Thursday, June 01, 2006

My Lai, Fallujah, Haditha - USA's Slaughterings, Sins & Shame

Call me analytical or what, and I say this with a heavy heart, but last year on 08 August I posted Haditha another Fallujah?

I recall the tragedy of Fallujah as “a truly disgraceful exhibition of American military might used in the most barbaric fashion with nationalistic angry vengeance, unbecoming of any civilized nation. Many innocent women and children were killed, and homes of innocents were pounded to debris. Red Cross ambulances were prevented from rescuing any injured. A Marine cold bloodedly executed unarmed and wounded Iraqis in a mosque. All to satisfy a need for revenge.”

Based on the feral barbaric behaviour of the American military’s propensity to punish every Iraqi in sight in a particular area where Americans had been killed, without careful application of conventional rules of engagement or regard for the treatment of civilians under international laws, I had worried for Haditha’s citizens.

My concern was relevant vecause at that time a 1000-strong joint US-Iraqi force launched a third attack against the insurgents at Haditha. The US aim was to interdict the insurgents, meaning, seal off all entries and exits to/from the area, and finished those trapped within. The usual civilians including women and children would also be ‘within’.


On 21 March this year I sadly posted what I had feared all along, Another My Lai!. I referred to the morning of 19 November 2005 when the vehicle of a group of US marine troops was struck by a roadside bomb near Haditha. One man, Lance Corporal Miguel Terrazas died from that blast.

According to eyewitnesses and local officials interviewed by the Time magazine over a period of 10 weeks, the Marines sought revenge for their dead comrade by going on a bloody murderous rampage in the nearby village after the attack, killing 15 unarmed Iraqis in their homes, including seven women and three children [this figure has since increased to 24]. They then falsely reported the murdered villages were killed by unknown armed men.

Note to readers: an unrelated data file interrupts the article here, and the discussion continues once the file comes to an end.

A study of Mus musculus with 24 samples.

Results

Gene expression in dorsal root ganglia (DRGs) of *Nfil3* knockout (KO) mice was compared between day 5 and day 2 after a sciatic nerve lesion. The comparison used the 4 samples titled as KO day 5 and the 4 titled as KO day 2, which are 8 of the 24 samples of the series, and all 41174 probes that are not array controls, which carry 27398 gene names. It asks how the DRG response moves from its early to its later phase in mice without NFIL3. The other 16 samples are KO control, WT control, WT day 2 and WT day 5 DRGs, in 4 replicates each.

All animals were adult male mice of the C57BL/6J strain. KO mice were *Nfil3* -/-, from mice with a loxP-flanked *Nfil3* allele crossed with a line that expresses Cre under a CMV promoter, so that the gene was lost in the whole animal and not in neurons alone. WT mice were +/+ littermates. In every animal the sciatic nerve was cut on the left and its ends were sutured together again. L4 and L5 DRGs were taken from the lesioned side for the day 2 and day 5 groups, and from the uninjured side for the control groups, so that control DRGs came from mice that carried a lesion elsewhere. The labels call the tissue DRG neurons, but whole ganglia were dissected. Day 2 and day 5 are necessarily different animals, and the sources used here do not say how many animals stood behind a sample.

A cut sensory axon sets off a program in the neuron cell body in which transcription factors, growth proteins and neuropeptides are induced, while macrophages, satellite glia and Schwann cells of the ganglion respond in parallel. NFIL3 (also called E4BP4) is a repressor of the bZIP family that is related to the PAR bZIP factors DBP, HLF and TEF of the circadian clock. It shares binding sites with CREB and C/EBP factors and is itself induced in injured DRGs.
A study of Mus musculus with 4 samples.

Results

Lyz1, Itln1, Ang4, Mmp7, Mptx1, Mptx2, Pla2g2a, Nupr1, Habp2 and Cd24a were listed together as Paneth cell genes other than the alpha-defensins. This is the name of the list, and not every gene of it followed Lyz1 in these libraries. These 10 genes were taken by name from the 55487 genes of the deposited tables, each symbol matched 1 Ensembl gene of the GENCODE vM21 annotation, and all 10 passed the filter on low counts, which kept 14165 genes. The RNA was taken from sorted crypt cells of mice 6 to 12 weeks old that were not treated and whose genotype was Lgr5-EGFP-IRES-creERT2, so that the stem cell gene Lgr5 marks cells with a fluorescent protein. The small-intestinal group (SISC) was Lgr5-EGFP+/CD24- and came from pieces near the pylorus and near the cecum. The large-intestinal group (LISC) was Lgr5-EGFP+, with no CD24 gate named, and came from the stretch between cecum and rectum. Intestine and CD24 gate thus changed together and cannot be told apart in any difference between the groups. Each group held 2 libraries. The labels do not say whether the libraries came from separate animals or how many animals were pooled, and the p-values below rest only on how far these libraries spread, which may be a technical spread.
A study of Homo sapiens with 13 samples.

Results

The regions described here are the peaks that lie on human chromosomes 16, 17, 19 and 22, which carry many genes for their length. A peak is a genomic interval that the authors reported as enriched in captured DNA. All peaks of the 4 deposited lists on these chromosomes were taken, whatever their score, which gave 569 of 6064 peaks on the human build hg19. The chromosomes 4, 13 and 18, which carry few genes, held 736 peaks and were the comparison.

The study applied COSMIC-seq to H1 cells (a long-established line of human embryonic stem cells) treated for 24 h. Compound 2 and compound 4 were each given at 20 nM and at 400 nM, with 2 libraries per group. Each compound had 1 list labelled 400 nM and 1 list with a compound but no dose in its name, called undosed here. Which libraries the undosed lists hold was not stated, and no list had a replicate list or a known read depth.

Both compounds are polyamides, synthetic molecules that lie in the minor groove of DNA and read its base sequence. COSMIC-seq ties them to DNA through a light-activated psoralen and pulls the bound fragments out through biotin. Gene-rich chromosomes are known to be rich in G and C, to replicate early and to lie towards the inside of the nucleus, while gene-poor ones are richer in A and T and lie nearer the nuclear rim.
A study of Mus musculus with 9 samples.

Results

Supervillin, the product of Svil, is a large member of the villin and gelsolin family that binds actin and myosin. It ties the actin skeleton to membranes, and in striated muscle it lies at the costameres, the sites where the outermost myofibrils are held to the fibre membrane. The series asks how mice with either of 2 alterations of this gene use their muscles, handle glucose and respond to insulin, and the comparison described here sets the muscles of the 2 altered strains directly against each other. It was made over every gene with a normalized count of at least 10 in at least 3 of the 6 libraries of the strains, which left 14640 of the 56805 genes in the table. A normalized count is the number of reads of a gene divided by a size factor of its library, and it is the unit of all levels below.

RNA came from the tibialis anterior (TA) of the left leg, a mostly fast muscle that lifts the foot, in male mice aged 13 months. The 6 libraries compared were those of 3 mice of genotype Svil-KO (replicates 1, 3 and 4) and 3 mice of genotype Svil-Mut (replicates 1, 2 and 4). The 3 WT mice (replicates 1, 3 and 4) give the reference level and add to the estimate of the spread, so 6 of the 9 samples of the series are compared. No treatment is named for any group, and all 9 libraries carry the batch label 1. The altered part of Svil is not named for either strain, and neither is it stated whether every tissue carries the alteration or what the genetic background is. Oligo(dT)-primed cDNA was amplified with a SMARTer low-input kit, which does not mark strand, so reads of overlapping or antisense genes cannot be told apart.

Thanks to the report by Time magazine, and the reality that currently the Iraqi war has become extremely unpopular for Americans, President Bush has decided to add his concerns on the killings. He has promised to make public all the details of inquiries into the alleged massacre.

Now, other witnesses have come out to tell of four Iraqi university students in a taxi being summarily executed by US troops, despite pleas for mercy from the taxi driver.

Samir Sumaidaie, the new Iraqi ambassador to the US, after presenting his credentials to President Bush, told CNN that his cousin was unjustifiably murdered by US marines in his home in Haditha last July. He lamented that the US military had failed to adequately investigate his death.

When asked whether there was a pattern to the way marines operated in Haditha, Mr Sumaidaie said there might be and that he knew of a case where three unarmed youths in a car had been shot by US forces shortly after his cousin.

There are three issues for the Americans to resolve, namely (1) the truth of the massacres and those responsible, (2) the attempted cover up that led all the way to the top of the military, possibly at the Joint Chiefs level, and most important of all. (3) will those responsible/guilty be appropriately punished? Let's hope it won't be another bullshit Lt Calley-type gloved treatment for the Haditha murderers.

Mind you, if the war had gone President Bush’s way, he would have brushed the Time magazine report aside, probably forcing the ‘unpatriotic’ editors, like those at Newsweek related to the case of US troops desecrating the Koran, to apologize.


  1. How can we blame the soldiers that committed the atrocities mentioned? Although I do not condone murder. They have to fight a war which is not theirs to fight. If I join the Army, I would want to die for my country and not for another country.

    As simple as that, I guess the guilty idiot is GWB!

  2. Sure you can blame the soldiers. Murder is murder. On the other hand that is those soldiers - not all US soldiers most of whom do a great job in indescribably difficult conditions. Iraq is chaos. If the new government fails to get its act together things will become considerbly worse - whether or not we leave. If the new government succeedsto get a grip we should hng in there with them - if it doesn't the sooner we're out the better, for everyone.